US FDA accepts post-approval study reports for Impella


Abiomed has announced the US Food and Drug Administration (FDA) has accepted and closed the post-approval study reports related to the pre-market approvals (PMA) for Impella heart pumps.

The FDA’s action is another affirmation that Impella heart pumps are safe and effective for cardiogenic shock, high-risk PCI, post-cardiotomy cardiogenic shock, cardiogenic shock in the setting of myocarditis or cardiomyopathy, and right heart failure, the company said in a press release.

The FDA typically requires post-approval studies for medical devices that receive a PMA, the FDA’s highest level of regulatory approval. FDA post-approval studies use high-quality prospective data to confirm that the clinical study data submitted to the FDA to receive a PMA applies to a broader, real-world population of patients.

In total, Abiomed completed five post-approval studies for Impella over the seven years since its initial PMA was received. This large, multicentre experience was conducted at 46 sites and enrolled a total of 1,833 patients.

“This significant regulatory milestone once again confirms the safety and efficacy of Impella across a variety of clinical indications. I applaud the physician-researchers who led these studies and thank the patients who participated in them,” said Chuck Simonton, Abiomed’s chief medical officer.

The company has also announced new programme to address healthcare disparities in underserved communities, as new data provides an example of how better access to Impella heart pumps can improve health equity for non-Caucasian cardiovascular patients. Data from a subgroup analysis of 93 non-Caucasian high-risk PCI patients enrolled in the PROTECT II randomised controlled trial found those who were treated with Abiomed’s Impella heart pump had significantly improved clinical outcomes compared to those who were treated with the intra-aortic balloon pump (IABP).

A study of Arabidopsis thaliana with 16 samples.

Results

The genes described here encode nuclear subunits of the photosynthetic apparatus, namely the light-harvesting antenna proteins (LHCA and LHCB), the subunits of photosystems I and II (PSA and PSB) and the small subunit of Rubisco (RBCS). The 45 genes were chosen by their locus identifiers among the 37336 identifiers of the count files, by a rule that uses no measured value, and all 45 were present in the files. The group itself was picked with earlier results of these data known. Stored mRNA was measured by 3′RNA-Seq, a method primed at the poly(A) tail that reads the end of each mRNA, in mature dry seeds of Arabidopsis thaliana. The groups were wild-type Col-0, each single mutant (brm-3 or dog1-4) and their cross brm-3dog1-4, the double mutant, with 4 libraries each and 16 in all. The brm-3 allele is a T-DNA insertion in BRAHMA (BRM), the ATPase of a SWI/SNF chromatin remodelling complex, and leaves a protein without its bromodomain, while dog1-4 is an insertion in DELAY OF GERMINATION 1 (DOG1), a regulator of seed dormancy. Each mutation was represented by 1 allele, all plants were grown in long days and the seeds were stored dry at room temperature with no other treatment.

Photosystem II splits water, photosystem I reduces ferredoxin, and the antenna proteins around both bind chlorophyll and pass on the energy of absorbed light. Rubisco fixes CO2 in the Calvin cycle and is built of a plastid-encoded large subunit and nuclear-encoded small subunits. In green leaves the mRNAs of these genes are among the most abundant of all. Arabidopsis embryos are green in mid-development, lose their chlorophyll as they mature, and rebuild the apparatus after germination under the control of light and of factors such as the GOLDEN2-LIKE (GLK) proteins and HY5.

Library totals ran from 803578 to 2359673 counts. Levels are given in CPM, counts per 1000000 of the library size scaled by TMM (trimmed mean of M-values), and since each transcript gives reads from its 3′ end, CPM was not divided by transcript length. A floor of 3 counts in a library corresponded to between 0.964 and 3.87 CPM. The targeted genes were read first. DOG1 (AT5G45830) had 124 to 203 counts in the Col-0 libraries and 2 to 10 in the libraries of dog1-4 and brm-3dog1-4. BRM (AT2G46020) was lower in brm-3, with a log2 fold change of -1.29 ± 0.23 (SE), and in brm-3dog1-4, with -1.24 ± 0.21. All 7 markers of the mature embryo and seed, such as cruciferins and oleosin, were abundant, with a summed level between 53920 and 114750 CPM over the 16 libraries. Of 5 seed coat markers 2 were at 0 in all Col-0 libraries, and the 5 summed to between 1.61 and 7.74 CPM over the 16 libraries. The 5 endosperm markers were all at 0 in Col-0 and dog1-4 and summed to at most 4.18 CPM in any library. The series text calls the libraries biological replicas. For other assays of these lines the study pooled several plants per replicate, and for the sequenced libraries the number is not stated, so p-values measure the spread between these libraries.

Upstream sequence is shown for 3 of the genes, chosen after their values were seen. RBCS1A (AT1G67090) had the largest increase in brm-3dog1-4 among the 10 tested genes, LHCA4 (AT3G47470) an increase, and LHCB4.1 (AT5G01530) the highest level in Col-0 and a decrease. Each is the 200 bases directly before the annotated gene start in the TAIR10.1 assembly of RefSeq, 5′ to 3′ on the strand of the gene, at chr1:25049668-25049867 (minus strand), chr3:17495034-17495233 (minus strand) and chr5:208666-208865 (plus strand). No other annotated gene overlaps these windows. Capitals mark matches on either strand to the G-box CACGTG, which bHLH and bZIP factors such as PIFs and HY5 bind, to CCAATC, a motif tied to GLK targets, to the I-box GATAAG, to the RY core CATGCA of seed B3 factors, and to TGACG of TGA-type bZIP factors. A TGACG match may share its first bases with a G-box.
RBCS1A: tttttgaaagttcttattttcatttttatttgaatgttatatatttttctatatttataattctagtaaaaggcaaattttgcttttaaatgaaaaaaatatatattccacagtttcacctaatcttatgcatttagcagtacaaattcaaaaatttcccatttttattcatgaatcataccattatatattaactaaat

Specifically, the analysis found, when compared to patients who received IABP, Impella patients experienced a 48% reduction in major adverse events (MAE), the primary endpoint of the PROTECT II trial, out to 90 days post-procedure. (p=0.018), a 60% reduction in major adverse cardiac and cerebral events (MACCE) out to 90 days post-procedure (p=0.032), a 75% reduction in irreversible events (death, stroke, myocardial infarction) from discharge to 90 days post-procedure (p=0.044).

The analysis of this subset population was pre-specified in the statistical analysis plan for the MAE primary endpoint of the PROTECT II trial. Patients in the analysis were included in Abiomed’s regulatory submission to the US FDA that resulted in the FDA granting Impella approval as safe and effective for high-risk PCI.

“This data about the benefit of Impella-supported procedures for non-Caucasian patients is highly compelling and should be used to inform physicians’ clinical decision-making when treating non-Caucasian patients who have heart disease,” said William O’Neill (Henry Ford Health, Detroit, USA), the principal investigator of the PROTECT II trial.